Unrequited Loneliness

Photo by Kleigh Balugo

By Ian Watson

As synonymous as love is with Valentine’s Day, loneliness is equally related; it is the dark underbelly that comes with such a sensationalized holiday. For every person in a happy relationship, there is a person feeling the pain of unrequited love; for every flower bought, there is someone who will receive no gifts; and for every “happy valentine’s day to my soul mate” Instagram post, there is a struggle tweet. 

Now this isn’t to shame anyone into feeling bad for wanting to share a day of romance with their partner – it would be far too hypocritical of me too. The next February that rolls around that finds me in a relationship, I too will go all out on the 14th; however, this year is not one of those years, so I will write this instead in attempts to make myself feel better about being alone. 

Valentine’s Day is simply an arbitrary day in February, that is all. Anyone can look into the religious origins and “deep” history of the holiday, but let’s be honest: in the United States, the purpose of Valentine’s Day is to boost first quarter profits for the goliath greeting card, chocolate, and flower companies (Side note: buy from local businesses if you do participate!). Every year American’s spend billions on V-Day festivities, and while there is nothing wrong with that, showing it’s true purpose might act as consolation to those not participating in such a blatant demonstration of commercialism.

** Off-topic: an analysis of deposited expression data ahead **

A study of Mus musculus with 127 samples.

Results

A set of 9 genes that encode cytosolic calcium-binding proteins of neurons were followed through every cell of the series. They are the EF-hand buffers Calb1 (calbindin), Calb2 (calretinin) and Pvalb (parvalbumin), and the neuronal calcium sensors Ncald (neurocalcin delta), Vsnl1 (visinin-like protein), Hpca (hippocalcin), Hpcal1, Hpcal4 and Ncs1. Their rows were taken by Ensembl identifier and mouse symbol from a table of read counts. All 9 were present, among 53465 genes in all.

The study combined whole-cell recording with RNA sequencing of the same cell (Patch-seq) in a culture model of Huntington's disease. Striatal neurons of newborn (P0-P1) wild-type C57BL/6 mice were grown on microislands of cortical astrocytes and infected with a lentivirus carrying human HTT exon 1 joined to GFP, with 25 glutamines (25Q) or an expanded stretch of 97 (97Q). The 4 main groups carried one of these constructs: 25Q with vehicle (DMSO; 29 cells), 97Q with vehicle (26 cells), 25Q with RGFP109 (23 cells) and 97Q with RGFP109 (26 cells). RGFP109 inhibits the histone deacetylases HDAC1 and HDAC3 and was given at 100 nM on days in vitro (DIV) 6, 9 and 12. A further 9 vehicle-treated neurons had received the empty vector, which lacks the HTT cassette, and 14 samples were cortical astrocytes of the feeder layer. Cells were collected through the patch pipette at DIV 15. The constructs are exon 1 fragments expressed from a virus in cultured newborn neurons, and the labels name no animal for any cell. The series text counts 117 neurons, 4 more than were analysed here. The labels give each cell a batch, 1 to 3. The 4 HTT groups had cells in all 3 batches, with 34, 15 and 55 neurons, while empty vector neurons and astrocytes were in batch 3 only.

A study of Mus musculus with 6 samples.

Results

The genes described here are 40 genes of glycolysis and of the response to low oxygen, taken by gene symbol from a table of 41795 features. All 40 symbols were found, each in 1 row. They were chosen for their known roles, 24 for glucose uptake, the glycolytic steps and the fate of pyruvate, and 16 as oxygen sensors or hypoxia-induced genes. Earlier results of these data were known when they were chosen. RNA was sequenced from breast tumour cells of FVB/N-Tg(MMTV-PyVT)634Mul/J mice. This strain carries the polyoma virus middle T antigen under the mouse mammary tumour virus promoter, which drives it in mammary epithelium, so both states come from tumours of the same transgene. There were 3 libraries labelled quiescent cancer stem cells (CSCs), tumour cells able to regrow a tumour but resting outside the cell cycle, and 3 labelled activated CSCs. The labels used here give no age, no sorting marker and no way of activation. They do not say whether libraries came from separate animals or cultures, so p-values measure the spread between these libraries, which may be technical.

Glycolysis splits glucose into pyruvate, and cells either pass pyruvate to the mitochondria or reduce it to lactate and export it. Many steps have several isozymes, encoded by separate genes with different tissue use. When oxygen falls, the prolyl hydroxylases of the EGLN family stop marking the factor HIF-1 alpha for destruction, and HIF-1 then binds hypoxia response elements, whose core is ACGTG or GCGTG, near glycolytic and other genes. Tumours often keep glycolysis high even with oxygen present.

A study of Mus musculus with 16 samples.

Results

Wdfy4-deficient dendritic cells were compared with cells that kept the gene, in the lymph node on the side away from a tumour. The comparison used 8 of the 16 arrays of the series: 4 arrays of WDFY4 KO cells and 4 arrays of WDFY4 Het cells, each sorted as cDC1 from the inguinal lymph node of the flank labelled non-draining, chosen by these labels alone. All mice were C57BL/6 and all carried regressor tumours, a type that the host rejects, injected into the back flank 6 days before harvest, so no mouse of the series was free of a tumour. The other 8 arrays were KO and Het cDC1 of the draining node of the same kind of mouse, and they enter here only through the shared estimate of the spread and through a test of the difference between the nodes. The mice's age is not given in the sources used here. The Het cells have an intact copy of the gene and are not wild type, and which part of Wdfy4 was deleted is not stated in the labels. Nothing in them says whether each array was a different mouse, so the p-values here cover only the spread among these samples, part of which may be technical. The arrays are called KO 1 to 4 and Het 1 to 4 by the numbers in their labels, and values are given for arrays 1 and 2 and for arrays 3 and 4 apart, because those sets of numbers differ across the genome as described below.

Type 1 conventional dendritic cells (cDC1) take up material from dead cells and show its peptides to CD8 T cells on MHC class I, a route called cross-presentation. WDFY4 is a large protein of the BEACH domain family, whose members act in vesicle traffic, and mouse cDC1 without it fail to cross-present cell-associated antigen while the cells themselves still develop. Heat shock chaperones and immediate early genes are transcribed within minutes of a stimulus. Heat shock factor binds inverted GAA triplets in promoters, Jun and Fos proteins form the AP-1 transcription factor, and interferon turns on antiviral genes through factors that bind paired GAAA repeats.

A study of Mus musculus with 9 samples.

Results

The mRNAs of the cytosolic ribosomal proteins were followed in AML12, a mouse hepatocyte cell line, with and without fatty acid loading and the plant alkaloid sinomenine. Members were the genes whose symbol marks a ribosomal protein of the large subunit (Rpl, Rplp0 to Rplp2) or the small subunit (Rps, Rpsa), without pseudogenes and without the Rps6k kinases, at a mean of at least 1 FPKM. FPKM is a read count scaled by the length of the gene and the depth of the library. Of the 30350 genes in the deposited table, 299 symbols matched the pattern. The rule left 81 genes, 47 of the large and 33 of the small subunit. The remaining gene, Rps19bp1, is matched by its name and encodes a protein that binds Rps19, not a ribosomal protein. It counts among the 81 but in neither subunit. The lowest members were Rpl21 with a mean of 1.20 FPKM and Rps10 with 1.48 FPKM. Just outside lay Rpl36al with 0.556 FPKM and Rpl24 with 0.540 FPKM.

With that being said, I leave you with this: don’t sulk this Valentine’s day if you are alone for you are an anti-capitalist rebel! You are willing to sit-out of the fun festivities on a day of love to combat the commercialist purpose that said day has! Good on you, for intentionally being single *wink wink* in the interest of your morals, and I wish you a very uneventful Sunday evening.